The scientific method Life Cycle Assessment (LCA) is a tool originally developed to scrutinize the environmental performance of products, product systems or services. In recent years, the LCA framework has been expanded to include all aspects of sustainability. This blog post will present what LCA is, how it has developed historically and why you should care about it.
Often the word sustainability is used to designate that something is good, without any specification of good for what or good for whom. It’s time to put some hold to the phrase ‘sustainable’. Learn more on what it means and what you need to keep in mind when talking about sustainable products or solutions.
In China we are currently seeing a massive shift towards sustainable technologies. Many are describing China as the next green superpower, and that China is positioning itself towards a new area where the accessibility to energy is becoming very different from the current situation. This can shift the power balance towards economies which embrace the new opportunities from more sustainable solutions. Where can you find opportunities in this? And are there opportunities for novel sustainable materials like cellulose fibrils and microfibrillated cellulose (MFC)?
Once you have taken the decision to strengthen your business based on organic growth you have already taken a very important strategic step. At the same time, you have placed yourself at the gambling table, because with all new opportunities comes a risk. But how can you take measures to control this risk and mitigate it as much as possible? Here are some practices you can utilize when looking for technological enablers to your new bio-based innovations.
We rely on well-proven construction technologies wherever we move around. The construction technologies have been developed for decades to make sure that we have long-living and safe infrastructure and buildings around us. But in a world moving in increasing speed towards more emphasis on lowering emissions and waste, how is the construction industry affected? And are there any ready-made bio-based solutions available?
We are starting to see major shifts towards increased focus on sustainability, with examples like the likely upcoming EU ban on single use plastics, and the Chinese environmental tax on solvent based coatings. Your company and its competitive advantage will be defined by the ability shown in adapting to this. I will in this blog post touch upon a subject that can be important to assess for you going forward.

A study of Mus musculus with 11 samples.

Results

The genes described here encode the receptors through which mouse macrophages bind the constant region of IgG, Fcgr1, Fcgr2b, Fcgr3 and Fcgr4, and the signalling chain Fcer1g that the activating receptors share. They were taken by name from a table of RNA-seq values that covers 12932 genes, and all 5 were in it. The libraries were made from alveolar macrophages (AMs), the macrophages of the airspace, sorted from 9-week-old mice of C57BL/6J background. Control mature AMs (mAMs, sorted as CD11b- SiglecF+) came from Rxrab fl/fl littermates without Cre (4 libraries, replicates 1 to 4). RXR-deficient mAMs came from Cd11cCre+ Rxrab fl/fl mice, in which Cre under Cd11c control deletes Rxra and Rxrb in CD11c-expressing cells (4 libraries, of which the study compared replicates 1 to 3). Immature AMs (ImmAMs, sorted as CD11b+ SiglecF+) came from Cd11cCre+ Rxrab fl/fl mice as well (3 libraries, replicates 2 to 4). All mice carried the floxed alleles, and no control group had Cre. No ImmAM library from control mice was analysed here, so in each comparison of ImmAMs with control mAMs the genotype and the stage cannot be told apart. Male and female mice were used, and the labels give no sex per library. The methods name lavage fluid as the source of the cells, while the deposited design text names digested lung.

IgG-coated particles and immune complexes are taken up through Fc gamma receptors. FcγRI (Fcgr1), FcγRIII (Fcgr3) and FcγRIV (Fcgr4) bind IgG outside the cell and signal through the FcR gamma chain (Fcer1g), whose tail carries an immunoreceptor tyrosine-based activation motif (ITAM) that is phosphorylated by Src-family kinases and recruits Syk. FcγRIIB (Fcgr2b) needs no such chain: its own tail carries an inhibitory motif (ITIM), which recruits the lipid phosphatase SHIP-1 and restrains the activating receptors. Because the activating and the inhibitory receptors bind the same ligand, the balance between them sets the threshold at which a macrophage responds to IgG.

There is a growing interest to increase the portion of bio-based components in various consumables. We have previously discussed about the challenges to incorporate microfibrillated cellulose (MFC) into composite materials with hydrophobic matrixes, such as PLA. Today we will take a step even further and see how cellulose fibrils can support the development of more environmentally friendly tires with high performance and durability.
The performance coatings sector has seen decades of development to protect installations and transportation equipment. The sector has been highly dominated by solvent based systems and these systems have seen incremental innovations for a long period of time. The end-user demands for these systems have been set in a context of a world in an ever-changing environment: high pressure on efficiency, increased globalization and international trade, as well as the period of increased climate focus. So how is this world going to look in the near future? In my attempt to share thoughts on this subject, I will focus on the rheology system, how its currently being solved and how it can be solved with alternative, more environmentally friendly technologies in the future.
This week’s blog post started its life when I attended a stakeholder forum which was organized by the Bio-Based Industries Joint Undertaking (BBIJU), a part of the EU H2020 initiative. I listened to a high number of innovators within several fields such as bio-fuels, bio-chemicals, as well as new and more sustainable materials. I started a line of thought, where the word paradigm occurred to me; I am part of a generation raised in the latter part of the 20th century where a majority of things we take for granted are based on technologies from the petroleum sector. The paradigm has given opportunities and challenges, but how does this paradigm affect us and our thoughts on innovation?
Plastic microparticles found in the environment have gotten a lot of attention lately. Many of the plastics are very durable and do not degrade in a reasonable time in the nature, although today there are also biodegradable plastics available. Small pieces of plastic can be found almost everywhere on the Earth and it is not fully understood what kind of consequences that could have for the human beings and environment. Therefore, replacing non-biodegradable plastics with biodegradable materials in packaging, clothes and cosmetics has high focus right now. Cellulose fibrils come from wood or other natural resources; are they biodegradable? Can they replace non-biodegradable plastic and reduce the amount of microplastics in the environment?